Ron Burgundy Uses The Same Password For Everything

On this episode of The Ron Burgundy Podcast, Ron Burgundy and his producer, Carolina, talk about the Internet, which Ron informs us was “originally created by the US military as a way for members of our armed forces to trade baking recipes with each other,” and that Alexander Graham Bell connected the first computers to one another back in 2004. “And it’s never been more dangerous,” Ron warns. “I don't like to contribute to the culture of fear, but the Internet is truly terrifying. Right now, look at your children. They aren't safe. The elderly are at constant risk.” Fortunately, for this episode they have cybersecurity expert Richard Greenberg in the studio to ask about everything from passwords to pop-ups to how to protect yourself on the web. “It’s going to be fascinating to crack open his skull and figure out what’s swimming around in there,” Ron tells Carolina. “Metaphorically, I mean.” 

 

Ron asks Richard - don’t call him Dick - about hacking first. “Who are the hackers? Are they a musical group?” Turns out, they aren’t, and not all hackers are criminals, either. Richard says they’re called black hat or white hat hackers. White hats try hacking into systems in order to find and fix the vulnerabilities; black hat hackers try to steal people’s personal data, banking information, and so on. “Every piece of information, credit card, social security, medical records, it has a value on the dark market,” Richard tells us. 

In that case, passwords must be very important, Ron muses. “Now for myself, I just use the same password for everything in my life. Is that the right thing to do?” Richard advises against it, telling Ron, “Black hat hackers now...have ways where they can run scripts in computers and try thousands, hundreds of thousands if you will, password combinations, just random letters,” enabling them to crack Ron’s password - “boobs” - in about a minute. “I’ll take those chances,” Ron says, and Carolina replies incredulously, “You will?”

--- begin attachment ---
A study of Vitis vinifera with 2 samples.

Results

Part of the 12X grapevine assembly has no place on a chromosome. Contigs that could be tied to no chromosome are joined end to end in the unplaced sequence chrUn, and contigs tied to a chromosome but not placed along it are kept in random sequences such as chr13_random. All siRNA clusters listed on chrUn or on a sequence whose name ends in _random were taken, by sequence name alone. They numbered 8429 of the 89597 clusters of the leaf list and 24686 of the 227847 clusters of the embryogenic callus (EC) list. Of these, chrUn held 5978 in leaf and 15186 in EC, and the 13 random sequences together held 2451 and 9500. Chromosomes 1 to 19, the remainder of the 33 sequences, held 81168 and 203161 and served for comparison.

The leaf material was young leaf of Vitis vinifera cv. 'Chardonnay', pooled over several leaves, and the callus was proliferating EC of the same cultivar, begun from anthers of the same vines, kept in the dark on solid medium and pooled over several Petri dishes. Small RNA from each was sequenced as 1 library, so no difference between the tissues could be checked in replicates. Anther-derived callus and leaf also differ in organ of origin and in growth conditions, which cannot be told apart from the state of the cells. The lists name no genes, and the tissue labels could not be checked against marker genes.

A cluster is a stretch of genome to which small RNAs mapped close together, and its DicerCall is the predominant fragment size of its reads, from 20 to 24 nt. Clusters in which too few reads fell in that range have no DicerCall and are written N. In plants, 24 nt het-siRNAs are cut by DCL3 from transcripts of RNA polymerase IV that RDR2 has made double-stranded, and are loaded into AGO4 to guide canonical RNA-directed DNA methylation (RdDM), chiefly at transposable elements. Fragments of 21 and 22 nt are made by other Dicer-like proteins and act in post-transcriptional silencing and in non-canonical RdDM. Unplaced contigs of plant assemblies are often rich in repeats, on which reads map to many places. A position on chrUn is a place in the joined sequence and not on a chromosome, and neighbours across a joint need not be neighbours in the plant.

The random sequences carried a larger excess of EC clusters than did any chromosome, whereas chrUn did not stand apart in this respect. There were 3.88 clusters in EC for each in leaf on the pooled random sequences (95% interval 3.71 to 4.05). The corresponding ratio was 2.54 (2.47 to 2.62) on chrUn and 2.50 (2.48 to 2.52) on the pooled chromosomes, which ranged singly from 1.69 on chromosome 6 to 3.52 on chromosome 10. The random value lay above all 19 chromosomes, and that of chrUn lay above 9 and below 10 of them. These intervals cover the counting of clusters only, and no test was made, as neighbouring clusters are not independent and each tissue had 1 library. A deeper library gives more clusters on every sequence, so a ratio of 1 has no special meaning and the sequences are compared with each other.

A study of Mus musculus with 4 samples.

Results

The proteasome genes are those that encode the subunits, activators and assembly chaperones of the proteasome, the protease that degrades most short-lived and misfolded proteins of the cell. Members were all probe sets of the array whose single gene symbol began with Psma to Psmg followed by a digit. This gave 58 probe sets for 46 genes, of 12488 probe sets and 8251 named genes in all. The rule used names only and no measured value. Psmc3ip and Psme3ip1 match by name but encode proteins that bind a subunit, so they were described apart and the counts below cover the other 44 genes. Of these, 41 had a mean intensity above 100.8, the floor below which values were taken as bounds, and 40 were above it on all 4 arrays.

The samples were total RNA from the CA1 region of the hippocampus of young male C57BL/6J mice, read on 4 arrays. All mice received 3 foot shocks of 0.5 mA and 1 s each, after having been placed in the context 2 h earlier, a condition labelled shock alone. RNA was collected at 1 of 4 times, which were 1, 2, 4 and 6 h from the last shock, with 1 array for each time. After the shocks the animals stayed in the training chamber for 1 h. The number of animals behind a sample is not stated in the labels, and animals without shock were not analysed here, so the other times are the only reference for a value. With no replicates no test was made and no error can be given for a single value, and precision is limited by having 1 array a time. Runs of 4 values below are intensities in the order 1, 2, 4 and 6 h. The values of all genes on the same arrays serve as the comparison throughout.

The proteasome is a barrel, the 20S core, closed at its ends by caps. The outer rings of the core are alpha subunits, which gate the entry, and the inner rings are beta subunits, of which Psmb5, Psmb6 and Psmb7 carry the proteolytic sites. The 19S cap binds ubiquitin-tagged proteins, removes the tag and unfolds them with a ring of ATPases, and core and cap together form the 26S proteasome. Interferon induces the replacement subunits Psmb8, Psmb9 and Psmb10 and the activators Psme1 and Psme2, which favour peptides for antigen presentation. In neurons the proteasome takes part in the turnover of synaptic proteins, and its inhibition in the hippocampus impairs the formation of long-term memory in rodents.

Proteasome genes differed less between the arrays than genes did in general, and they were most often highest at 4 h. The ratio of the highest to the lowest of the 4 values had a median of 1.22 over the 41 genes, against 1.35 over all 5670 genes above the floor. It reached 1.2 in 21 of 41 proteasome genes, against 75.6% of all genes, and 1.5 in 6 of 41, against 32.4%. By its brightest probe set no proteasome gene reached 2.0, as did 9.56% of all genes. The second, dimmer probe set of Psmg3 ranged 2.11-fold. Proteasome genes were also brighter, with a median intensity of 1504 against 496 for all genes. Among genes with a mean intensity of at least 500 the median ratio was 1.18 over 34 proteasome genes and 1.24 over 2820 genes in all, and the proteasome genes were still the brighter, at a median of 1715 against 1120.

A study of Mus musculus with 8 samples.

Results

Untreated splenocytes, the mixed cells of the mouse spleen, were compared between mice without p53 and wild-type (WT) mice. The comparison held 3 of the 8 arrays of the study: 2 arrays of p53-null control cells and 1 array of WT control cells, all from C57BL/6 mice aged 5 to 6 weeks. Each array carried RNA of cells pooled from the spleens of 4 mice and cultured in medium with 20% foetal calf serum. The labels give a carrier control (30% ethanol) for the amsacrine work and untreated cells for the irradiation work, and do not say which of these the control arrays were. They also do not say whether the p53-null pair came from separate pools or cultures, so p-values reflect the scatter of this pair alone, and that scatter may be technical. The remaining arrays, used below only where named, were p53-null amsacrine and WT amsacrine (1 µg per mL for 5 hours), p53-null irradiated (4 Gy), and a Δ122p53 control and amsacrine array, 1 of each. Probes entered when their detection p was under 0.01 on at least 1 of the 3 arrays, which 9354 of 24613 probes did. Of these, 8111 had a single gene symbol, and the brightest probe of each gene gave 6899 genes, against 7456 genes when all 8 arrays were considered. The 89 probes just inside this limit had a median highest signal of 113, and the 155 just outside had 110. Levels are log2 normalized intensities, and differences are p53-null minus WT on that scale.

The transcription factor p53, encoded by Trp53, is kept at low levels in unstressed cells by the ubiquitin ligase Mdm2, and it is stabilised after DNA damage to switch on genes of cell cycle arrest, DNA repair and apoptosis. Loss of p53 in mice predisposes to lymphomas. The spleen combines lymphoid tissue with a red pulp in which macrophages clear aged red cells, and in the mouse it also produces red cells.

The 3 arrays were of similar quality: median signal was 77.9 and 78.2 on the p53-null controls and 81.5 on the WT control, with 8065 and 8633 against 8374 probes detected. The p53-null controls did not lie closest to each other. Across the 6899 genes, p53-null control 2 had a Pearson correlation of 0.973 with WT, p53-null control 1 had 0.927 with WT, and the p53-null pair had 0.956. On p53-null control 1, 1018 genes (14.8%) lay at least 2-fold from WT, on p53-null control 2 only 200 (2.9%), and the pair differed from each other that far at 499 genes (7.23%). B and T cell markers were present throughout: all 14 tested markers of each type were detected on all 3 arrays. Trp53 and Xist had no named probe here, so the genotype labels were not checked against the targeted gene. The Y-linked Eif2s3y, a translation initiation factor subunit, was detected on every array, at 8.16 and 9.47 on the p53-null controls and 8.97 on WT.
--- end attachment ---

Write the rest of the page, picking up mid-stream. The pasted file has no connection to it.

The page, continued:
What about terms and conditions? Ron wants to know. “Now, I actually take the time to read every single word and then I send it to my lawyer and...he makes changes, and it takes forever, but I think it’s worth it.” Unfortunately, it’s not, in Richard’s opinion; he says essentially all Internet providers are saying the same thing: “we might get your stuff and...we might sell it. That’s the unfortunate part...there are rules in the European Union and they might come our way, which affords us a bit more control of our personal data.” But as far as Ron’s changes, they’re probably being “filed” straight into the trash can. “But my attorney charges me hourly,” Ron protests. “You’re saying it’s a waste of time?” 

Ron discovers that the next big move in tech will probably be people getting chips implanted, rather than using phones like we do now. “People are getting chips installed now to protect themselves from kidnapping...if they're political, in office, and certain questionable countries," Richard says. "So the technology's there.” Ron got a chip installed because he got lost once, he tells Richard, but it turned out to be a poker chip instead of a microchip. “It did nothing. The guy ripped me off,” Ron says. “Also, it's horribly infected.” Carolina makes a note to get that looked at. 

Join Ron, Carolina, and Richard to find out more about how to protect yourself on the Internet, Ron’s favorite CB radio lingo, and if robots are friends or foes, on this episode of The Ron Burgundy Podcast.